Kalief Browder’s siblings are hoping his death will lead to the kinds of changes in the criminal justice system that might have spared his life.
The Bronx man committed suicide in 2015 at 22 after spending three of his teen years at Rikers Island, where he endured beatings and long stints in solitary confinement. He’d been accused, but not convicted, of stealing a teen’s backpack.
“When he came home, our family was left to pick up the pieces without the help of the government, which was responsible,” Akeem Browder, 34, one of Kalief’s seven siblings, told the Daily News Tuesday.
“I doubt it’ll be anytime soon when we can take a sigh of relief. We want to raise awareness so that Kalief’s story . . . brings policy changes on a federal level, state level and city level.”
“Time: The Kalief Browder Story,” executive produced by Jay Z, mixes live interviews with shocking surveillance footage showing the abuse Browder suffered from correction officers and inmates while locked up on Rikers.
Deion Browder, 26, said he believes the documentary has the power to shake up Americans’ views of what goes on behind bars.
“People hear about the criminal justice system but when you see it firsthand, you get a better picture of the injustice of the system and how broken it really is,” the brother said.
KING: Time for New York to do right by Kalief Browder’s family
Browder’s tragic tale began in May 2010 when cops arrested him on Arthur Ave. in the Bronx after a teen accused him of swiping a backpack.
His family was unable to raise his ,000 bail, so Browder remained locked up awaiting trial. He ended up spending nearly 800 days in solitary confinement, a practice now banned for juvenile inmates.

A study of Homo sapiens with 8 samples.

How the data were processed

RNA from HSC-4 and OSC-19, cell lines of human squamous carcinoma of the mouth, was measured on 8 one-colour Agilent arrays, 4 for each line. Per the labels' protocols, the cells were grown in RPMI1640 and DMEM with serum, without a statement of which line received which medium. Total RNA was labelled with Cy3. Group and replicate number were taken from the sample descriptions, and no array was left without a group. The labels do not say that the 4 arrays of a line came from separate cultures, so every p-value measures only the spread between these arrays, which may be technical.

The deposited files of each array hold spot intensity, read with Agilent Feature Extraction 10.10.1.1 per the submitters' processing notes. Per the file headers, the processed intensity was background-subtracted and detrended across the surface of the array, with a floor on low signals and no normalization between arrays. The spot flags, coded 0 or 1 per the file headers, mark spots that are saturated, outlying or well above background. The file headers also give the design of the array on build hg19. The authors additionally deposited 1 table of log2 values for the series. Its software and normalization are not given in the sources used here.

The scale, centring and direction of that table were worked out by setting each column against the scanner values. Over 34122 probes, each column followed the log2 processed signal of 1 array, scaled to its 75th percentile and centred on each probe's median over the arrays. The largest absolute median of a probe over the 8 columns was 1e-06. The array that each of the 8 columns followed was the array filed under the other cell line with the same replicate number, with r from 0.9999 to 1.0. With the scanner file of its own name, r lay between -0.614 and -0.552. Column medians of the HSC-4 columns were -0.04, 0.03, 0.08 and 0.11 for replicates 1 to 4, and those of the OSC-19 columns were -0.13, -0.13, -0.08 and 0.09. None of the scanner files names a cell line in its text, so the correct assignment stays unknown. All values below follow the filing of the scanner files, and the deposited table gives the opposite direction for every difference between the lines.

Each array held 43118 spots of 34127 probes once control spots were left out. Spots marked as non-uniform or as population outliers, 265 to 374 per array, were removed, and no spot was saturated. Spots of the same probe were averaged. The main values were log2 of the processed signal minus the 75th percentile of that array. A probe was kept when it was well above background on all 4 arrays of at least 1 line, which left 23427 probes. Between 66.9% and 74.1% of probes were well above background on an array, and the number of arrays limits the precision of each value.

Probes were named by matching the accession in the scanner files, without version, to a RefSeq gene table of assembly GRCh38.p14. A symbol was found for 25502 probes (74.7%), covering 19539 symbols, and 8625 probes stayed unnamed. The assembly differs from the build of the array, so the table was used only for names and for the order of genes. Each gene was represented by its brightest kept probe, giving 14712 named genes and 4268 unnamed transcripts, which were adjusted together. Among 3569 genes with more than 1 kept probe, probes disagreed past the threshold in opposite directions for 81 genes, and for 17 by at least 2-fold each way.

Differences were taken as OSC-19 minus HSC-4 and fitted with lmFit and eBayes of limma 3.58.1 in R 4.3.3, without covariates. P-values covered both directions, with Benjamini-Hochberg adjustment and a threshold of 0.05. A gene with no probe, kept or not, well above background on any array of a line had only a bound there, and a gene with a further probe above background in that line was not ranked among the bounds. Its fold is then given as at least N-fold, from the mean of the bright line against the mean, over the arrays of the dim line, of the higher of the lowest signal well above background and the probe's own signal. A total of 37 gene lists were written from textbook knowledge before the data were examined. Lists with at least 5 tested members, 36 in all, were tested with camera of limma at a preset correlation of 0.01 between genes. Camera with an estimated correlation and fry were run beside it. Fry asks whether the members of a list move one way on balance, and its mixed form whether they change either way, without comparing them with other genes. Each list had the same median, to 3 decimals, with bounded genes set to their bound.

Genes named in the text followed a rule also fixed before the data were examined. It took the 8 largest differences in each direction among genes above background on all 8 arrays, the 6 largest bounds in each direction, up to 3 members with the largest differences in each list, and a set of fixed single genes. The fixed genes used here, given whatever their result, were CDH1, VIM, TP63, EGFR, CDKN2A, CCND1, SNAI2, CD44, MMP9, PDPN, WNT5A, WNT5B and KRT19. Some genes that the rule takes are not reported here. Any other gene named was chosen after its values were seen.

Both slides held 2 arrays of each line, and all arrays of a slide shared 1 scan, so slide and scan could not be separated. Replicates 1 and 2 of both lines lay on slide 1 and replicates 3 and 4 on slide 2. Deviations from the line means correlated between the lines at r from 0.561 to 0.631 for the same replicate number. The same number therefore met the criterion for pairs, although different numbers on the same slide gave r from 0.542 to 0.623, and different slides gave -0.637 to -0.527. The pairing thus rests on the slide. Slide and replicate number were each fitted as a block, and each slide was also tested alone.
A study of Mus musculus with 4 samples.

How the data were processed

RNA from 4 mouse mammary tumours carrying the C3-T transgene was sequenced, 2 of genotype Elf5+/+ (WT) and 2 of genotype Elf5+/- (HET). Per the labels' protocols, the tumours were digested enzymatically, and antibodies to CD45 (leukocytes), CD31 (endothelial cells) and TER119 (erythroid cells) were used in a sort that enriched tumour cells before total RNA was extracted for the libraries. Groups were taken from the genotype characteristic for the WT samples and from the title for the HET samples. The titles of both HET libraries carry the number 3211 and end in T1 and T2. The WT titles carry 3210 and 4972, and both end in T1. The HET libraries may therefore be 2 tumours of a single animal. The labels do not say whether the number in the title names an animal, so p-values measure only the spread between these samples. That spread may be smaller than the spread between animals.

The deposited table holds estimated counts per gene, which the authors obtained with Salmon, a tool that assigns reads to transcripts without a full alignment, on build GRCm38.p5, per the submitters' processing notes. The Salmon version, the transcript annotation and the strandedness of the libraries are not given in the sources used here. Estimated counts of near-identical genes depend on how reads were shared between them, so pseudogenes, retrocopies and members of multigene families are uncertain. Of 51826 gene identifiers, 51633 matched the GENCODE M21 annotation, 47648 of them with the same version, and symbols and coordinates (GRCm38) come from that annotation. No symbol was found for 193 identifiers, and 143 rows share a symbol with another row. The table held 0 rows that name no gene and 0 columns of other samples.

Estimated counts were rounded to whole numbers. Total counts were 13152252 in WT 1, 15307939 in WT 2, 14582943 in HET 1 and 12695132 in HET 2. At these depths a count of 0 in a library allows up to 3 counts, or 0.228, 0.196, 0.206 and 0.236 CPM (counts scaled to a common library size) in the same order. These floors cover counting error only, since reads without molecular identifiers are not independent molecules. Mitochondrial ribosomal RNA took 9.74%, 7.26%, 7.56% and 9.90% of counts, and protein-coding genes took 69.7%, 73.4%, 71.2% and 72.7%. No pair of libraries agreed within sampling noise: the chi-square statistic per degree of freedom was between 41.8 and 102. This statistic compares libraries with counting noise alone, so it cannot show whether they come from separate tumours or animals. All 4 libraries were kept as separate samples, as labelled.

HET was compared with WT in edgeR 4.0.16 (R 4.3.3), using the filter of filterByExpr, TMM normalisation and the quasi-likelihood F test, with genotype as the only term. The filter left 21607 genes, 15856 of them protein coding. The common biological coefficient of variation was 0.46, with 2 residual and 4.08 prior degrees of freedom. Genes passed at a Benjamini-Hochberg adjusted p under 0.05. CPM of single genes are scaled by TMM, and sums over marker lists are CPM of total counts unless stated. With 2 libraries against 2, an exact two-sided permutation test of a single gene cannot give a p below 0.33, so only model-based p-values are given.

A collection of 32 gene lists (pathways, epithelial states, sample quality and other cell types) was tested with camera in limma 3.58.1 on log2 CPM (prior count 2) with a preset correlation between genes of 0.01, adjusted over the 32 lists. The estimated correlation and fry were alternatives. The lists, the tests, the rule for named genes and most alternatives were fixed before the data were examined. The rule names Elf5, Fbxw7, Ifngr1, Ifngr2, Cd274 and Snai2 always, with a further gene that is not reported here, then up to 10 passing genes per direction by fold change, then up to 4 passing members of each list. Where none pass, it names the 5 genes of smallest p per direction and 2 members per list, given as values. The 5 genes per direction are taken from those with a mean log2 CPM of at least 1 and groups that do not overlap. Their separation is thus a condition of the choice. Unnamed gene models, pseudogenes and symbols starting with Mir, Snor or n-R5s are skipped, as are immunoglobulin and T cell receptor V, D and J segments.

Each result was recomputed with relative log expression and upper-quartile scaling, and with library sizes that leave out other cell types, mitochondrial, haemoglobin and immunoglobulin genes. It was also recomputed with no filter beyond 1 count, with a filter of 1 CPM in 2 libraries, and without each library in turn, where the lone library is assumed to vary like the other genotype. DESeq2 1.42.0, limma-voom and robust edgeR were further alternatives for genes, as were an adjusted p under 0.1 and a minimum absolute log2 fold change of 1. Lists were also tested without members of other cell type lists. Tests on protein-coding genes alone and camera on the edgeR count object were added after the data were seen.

Browder was released from Rikers in May 2013 when the charges against him were dropped. But the Bronx man, apparently tormented by his time behind bars, committed suicide by hanging himself on June 6, 2015.
“Ma, I can’t take it anymore,” he reportedly told his mother before killing himself.
Despite having already seen the first couple of episodes, Deion Browder dissolved into tears during a recent screening in Washington.
“I lost my mother so recently,” he said. “To see her speak and hear her talk so passionately, I just broke down.”
“This is going to take a lifetime for me,” he added, “because the two most important people in my life are not here anymore.”
During a press conference last year, Jay Z was nearly overcome by emotion when asked about Browder.
“It’s inhumane,” the hip-hop mogul said. “It’s difficult for me to find the words. It’s so inhumane.”
Browder’s family has filed a million wrongful death lawsuit against the city.